Album review: Haley's 'Pleasureland' is an example of a hard left turn executed the right way

The Minnesota artiste abandons lyrics on her ninth LP 'Pleasureland' for a full-length instrumental that is a fine example of a sure-footed new chapter in Haley's musical journey

                            Album review: Haley's 'Pleasureland' is an example of a hard left turn executed the right way

With her ninth studio album 'Pleasureland', Minnesota-based artiste Haley (professionally known as Haley Bonar for the last 15 years) embarks on a series of firsts. Most noticeably, it is her first full-length instrumental album with no signs of her malleable, powerful vocals, which she's put to solid use in her past records. It is also her first album after she legally changed her name to Haley McCallum (to reflect her maternal family name) and changed her stage name to just 'Haley'.

Each of the 12 tracks on the album arrives with its own accompanying visuals, and it also marks Haley's first time dabbling with the new medium. To say the least, 'Pleasureland' is a brave effort. But it's also much more than that. It's a blatant U-turn made with a level of confidence and sharp intent that reflects clearly through the 27-minute instrumental journey.

The choice to do away with vocals entirely is a purely political one, Haley revealed to Meaww in an exclusive interview. "The real reason why I chose to do a full-length [instrumental album] is definitely political," Haley said. "After the 2016 presidential elections, I felt overwhelmed and very depressed."

"I didn't even know how to make sense with words about how I was feeling. So I just felt like... How can I express myself in a way that's real, not forced. And I thought of the abstract artists coming out of the 1950s and early '60s and how it wasn't something you could look at and tell what it was, but you could look at it and feel it. I wanted to do something like that."

Indeed, 'Pleasureland' (which derives its title from the name of an RV park that symbolized to Haley the comical excesses of the capitalistic ideology that engulfs us) is not an album to be made sense out of. It's an album to be felt. It's the kind of album you choose as the soundtrack for an early morning as you stand with a cigarette and a coffee in your balcony, looking out into the surreal mess of the modern landscape, introspecting: "How the f**k did we get here?"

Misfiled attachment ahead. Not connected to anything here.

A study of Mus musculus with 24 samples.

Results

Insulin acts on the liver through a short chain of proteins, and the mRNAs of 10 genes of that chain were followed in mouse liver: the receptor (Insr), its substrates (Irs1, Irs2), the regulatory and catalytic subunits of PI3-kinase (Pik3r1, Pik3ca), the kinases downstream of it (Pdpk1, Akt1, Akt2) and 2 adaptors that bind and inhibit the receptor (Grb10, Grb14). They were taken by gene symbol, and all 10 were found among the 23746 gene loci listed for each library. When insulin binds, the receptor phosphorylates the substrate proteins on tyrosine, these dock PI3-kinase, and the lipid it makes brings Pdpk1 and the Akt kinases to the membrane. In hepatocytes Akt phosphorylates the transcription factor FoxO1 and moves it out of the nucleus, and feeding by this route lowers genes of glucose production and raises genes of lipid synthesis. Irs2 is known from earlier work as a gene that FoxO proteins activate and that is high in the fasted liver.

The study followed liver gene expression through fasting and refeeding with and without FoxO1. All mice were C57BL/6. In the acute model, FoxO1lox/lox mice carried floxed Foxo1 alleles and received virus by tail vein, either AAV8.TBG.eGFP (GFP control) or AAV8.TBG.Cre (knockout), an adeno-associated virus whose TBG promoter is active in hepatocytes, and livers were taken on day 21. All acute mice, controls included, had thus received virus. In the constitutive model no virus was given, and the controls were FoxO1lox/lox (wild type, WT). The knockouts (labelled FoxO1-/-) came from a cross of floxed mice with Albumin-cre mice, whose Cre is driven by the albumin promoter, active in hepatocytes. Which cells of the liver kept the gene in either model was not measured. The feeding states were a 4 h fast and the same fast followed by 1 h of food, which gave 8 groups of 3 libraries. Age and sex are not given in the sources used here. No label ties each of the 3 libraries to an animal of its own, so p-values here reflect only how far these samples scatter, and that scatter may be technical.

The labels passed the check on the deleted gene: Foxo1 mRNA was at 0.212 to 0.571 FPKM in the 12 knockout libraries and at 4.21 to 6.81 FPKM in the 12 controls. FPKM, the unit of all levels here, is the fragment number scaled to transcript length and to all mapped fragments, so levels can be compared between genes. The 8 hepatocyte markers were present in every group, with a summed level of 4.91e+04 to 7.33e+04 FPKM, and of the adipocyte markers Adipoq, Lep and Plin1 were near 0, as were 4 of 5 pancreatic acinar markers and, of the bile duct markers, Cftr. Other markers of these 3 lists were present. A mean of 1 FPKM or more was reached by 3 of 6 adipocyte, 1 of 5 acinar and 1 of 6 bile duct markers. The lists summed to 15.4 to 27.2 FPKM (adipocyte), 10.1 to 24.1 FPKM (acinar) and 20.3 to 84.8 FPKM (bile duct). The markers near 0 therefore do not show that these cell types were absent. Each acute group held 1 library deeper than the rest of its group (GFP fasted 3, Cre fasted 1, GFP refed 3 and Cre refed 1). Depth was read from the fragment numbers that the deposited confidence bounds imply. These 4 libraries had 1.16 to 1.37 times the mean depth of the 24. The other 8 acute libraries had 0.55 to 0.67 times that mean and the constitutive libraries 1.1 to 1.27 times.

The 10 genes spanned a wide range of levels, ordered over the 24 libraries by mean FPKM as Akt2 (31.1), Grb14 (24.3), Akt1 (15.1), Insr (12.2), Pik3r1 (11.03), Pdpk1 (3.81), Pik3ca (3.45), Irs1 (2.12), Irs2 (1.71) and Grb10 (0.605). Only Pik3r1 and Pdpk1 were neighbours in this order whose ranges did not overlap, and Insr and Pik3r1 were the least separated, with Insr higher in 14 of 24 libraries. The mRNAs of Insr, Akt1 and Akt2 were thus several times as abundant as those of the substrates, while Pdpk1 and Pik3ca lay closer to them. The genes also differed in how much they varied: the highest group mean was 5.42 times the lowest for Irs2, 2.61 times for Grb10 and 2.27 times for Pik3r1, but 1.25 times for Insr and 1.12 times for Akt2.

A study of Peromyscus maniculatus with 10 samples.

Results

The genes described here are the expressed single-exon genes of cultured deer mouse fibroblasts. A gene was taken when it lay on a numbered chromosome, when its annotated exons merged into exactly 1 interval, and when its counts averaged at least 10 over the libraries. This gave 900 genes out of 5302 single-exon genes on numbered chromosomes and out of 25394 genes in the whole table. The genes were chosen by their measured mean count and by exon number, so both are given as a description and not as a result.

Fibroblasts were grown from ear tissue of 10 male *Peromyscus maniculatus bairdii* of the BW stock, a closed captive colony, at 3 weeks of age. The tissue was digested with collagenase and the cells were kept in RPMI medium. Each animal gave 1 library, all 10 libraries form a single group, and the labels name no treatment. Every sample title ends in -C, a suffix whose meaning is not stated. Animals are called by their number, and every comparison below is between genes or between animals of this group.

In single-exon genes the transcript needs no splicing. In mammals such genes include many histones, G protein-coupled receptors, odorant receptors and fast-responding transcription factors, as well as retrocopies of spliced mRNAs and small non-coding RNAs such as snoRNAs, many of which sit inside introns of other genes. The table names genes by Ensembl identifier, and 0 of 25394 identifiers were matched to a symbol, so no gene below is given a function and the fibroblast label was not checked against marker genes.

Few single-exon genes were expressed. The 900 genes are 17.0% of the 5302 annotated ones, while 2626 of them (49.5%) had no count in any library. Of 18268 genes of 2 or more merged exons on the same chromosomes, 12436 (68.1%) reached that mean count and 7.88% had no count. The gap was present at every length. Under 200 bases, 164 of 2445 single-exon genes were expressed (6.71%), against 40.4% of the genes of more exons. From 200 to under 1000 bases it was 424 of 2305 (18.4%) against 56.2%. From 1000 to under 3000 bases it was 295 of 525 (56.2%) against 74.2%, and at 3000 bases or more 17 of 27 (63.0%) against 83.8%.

With the chaotic synth-driven album opener 'Infinite Credit Part 1', Haley delivers a sonic force majeure: a 67-second frenzy that feels like you're standing in the middle of an '80s style arcade, assaulted by the noise of the video games that surround you. The intro blends into the contrasting 'Give Yourself Away', a brooding, slow-burner of a piano-driven track that ends with a wall of fuzzy noise to rinse the palate before Future Maps's stripped-back post-rock melodies alter the mood yet again.

This gives way to the desert rock-flecked 'Syrup', clearly a standout track from the album that opens with distorted guitars that sound like the revving of an old engine, courtesy of longtime collaborator Jeremy Ylvisaker. 'Credit Forever 2' takes the classical route with piano flourishes that sound like the exact antithesis of its counterpart, 'Credit Forever Part 1'. On the intimate, lo-fi saxophone-driven 'Pig Latin', Haley teams up with saxophonist Mike Lewis (Happy Apple, Bon Iver) who embroils his jazz influences with gritty, breathy rasps that stay with you long after the track is done. The two-part 'Infinite Pleasure' blends the digital and the organic together, mixing elements of fuzzy noise-rock with samples of a human heartbeat. 'Next Time (For C)' and 'Lonely As A Mother' are intricately woven tracks that show-off soothing strings courtesy of the Laurels String Quartet.

Self-produced by Haley and constructed primarily around her own piano at home, the sparse interlacing of digital and organic sounds elicit both the uneasiness of a world shifting unexpectedly as well as the innate human capacity to overcome the toughest of ordeals. Even without the context of the political intentions behind the album's lack of lyricism, 'Pleasureland' is as welcoming as curiously unsettling for both new listeners and returning fans. Going back to the rest of Haley's material will leave you stumped, and will only raise the respect for an underrated artist who doesn't shy away from taking on new challenges head-on.

The visuals for the tracks which released simultaneously with the album and can be viewed on Haley's YouTube channel in entirety complement the theme of the album with their flickering images of gritty, lo-fi scenes drowned in capitalistic excess. Based on whether you listen to the record independently without the visuals or with them, 'Pleasureland' could offer multiple meanings. Either way, it evokes a deep range of emotions, all while holding its own as a cohesive whole, announcing a brand new chapter in the Canadian-born artist's musical journey.

Apple Music subscribers can stream 'Pleasureland' in its entirety below.

Disclaimer : The views expressed in this article belong to the writer and are not necessarily shared by MEAWW.